Flying into the former Portuguese colony of Sao Tome e Principe on day two of his three-leg tour of west Africa, FIFA President Joseph S. Blatter found himself just as busy as he had been on the previous day’s visit to Equatorial Guinea.
The FIFA delegation kicked off a hectic schedule with a 9am meeting with Prime Minister Joaquim Rafael Branco, in the country’s capital of Sao Tome.
“I am very grateful to FIFA for their contribution in developing football and to the FIFA President for fulfilling his commitment to organise the World Cup in Africa, which I am sure will be a great success,” said Mr Branco.
The trip was Blatter’s first to the country and it was also the first time FIFA had paid a visit since the founding of the Sao Tome e Principe Football Association exactly 35 years ago.
“Today is Africa Day, a celebration of independence, and it makes me very proud to hear your warm words of gratitude for the support FIFA has given your country,” said Blatter in response. “We are going to continue with these efforts because FIFA’s mission is to support those associations with the least resources. Sao Tome e Principe must now move on and take part in international competitions. And to achieve that goal the government and the FA must work together.”
Sao Tome e Principe must now move on and take part in international competitions. And to achieve that goal the government and the FA must work together.
The next engagement on the itinerary was a meeting with the President of Sao Tome e Principe Fradique de Menezes. “It is a great honour for us to be welcomed here with the World Cup about to start in Africa in a few days time,” said the FIFA President. “All that remains to be done now is for Sao Tome e Principe to take their place in international competition.”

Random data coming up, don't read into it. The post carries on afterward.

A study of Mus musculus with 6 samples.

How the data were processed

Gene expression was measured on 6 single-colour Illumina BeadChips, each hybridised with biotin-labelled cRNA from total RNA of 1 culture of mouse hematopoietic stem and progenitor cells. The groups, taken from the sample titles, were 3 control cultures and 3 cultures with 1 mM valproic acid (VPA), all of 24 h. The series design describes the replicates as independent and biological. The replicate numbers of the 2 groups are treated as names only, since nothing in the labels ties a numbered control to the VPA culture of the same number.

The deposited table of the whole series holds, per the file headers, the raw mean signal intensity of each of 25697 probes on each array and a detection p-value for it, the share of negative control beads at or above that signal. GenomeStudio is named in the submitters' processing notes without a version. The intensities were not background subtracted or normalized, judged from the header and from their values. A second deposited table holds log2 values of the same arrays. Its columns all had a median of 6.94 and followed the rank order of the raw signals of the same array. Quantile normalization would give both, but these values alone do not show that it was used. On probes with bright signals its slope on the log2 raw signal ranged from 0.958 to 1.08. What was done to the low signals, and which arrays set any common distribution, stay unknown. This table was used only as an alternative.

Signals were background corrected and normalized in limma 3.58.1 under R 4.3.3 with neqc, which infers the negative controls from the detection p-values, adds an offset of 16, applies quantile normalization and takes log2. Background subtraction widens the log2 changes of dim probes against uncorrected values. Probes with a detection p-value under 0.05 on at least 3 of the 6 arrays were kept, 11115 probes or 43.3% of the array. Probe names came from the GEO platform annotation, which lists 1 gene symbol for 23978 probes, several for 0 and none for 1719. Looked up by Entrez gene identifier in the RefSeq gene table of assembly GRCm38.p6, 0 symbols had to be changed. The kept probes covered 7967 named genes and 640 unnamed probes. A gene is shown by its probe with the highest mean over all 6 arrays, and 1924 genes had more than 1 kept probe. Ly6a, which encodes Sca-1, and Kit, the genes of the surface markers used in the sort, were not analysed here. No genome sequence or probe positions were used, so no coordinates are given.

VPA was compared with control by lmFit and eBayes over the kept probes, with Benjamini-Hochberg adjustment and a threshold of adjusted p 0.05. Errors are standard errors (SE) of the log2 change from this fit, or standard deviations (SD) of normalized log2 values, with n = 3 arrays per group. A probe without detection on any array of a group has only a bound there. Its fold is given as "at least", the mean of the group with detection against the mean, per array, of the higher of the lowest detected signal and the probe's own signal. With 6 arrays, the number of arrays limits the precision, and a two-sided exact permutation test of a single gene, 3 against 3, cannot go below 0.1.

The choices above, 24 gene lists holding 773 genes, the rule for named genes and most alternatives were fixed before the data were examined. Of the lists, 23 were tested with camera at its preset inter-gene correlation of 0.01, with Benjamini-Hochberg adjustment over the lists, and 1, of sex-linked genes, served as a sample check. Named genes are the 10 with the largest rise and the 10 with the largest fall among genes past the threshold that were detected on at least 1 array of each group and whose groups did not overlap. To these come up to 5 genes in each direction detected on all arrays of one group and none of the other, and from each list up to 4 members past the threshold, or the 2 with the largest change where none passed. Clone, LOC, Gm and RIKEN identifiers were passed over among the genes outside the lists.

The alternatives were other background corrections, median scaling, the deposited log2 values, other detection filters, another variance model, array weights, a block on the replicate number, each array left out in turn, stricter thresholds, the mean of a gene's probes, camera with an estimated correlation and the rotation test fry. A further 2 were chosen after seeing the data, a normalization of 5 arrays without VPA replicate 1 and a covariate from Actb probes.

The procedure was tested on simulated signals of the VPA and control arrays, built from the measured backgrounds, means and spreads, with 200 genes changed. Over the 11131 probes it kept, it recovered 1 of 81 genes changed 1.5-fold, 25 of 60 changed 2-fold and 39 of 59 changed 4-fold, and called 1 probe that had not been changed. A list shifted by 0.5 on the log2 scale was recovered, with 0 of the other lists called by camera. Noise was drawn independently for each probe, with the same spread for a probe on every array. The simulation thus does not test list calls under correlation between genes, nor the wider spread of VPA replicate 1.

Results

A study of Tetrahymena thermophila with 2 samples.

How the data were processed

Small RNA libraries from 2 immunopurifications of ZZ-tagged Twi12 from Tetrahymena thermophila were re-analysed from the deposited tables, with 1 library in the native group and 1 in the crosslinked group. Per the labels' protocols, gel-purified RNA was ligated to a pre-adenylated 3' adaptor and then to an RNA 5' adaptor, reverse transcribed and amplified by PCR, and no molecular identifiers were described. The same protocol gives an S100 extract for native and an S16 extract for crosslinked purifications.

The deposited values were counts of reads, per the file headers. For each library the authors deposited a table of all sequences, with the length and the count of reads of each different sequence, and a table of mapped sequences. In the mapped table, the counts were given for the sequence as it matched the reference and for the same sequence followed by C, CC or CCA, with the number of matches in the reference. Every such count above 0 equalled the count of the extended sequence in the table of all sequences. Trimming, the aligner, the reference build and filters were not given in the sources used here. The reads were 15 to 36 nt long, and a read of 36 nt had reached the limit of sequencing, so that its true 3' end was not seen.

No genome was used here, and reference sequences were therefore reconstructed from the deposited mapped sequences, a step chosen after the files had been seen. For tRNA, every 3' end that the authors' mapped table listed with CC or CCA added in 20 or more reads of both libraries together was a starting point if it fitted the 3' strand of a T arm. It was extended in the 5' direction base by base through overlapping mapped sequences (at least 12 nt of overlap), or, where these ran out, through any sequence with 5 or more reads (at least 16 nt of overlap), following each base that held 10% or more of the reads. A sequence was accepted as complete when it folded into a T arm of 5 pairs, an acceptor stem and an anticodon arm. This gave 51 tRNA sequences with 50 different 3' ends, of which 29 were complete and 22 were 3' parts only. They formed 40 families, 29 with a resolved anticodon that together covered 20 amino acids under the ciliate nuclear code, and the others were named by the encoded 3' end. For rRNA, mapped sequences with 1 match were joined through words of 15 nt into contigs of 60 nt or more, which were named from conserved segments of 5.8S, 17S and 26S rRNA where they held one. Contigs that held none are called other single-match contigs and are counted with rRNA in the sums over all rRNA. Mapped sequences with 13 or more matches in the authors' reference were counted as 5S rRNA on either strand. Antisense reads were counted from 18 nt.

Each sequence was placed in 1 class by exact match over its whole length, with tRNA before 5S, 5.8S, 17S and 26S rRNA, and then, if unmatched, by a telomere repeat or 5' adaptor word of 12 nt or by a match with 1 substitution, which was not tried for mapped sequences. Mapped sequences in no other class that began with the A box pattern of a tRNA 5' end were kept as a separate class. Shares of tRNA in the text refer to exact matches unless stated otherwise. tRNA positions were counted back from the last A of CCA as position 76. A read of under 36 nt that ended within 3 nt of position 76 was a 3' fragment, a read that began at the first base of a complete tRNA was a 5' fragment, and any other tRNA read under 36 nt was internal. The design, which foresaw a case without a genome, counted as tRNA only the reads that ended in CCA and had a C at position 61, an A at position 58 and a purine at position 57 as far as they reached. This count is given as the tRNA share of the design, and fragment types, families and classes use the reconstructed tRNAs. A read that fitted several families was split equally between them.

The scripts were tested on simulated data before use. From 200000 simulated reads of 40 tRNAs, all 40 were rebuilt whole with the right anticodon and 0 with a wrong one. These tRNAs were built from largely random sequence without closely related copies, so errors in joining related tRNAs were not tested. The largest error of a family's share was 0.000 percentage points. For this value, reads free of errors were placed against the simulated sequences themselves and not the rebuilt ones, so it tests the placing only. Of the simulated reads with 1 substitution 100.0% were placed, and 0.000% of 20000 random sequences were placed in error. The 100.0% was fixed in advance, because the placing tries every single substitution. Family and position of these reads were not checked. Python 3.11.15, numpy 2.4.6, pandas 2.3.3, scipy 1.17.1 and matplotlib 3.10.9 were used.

That is an ambitious goal for the tiny state, which has a population of a little over 212,000 and comprises two main islands (Sao Tome and Principe) among other smaller islands, and which is one of the poorest countries in the world, with a GDP of $390.
“Our aim is to come up with solutions so that we can properly harness the support we receive from FIFA,” commented President Menezes. “This World Cup is one for the whole of Africa, and with that in mind I will be making the trip to South Africa to welcome delegations from other continents.”
Following his audience with the President, Blatter made his way to the Estadio National 12 de Julho to inaugurate its new artificial pitch, installed thanks to funding from the programme Win in Africa with Africa. He stayed on for the women’s football match between Sporting Praia Cruz and Desportivo Mezochife.
Goal Projects make their mark
At the final whistle the FIFA President moved on to the inauguration of the country’s new technical centre. Built in 2003 thanks to the first of two Goal Projects, the Academia Nacional de Futebol was extended in a second phase and an artificial pitch added.
From there it was on to the headquarters of the national FA, where 200 footballs were handed out as part of the adidas/Goal Football Project. News was then announced of another Goal Project: a new technical centre to be built this time on Principe, the idea being to ensure the equal distribution of resources on both islands.
Taking his leave of Sao Tome e Principe, Blatter then flew back to mainland Africa and Gabon, the third and final destination on his west African tour. Arriving in the capital city Libreville, the FIFA President was welcomed by President Ali Bongo Ondimba, with the Minister for Sport Rene Ndemezo' Obiang and the President of the Gabonese FA Placide Engandazas also in attendance.
On the agenda for the day ahead are the development of football, the importance of the 2010 FIFA World Cup South Africa™ to the continent of Africa, and the 2012 CAF African Cup of Nations, to be co-hosted by Gabon and Equatorial Guinea.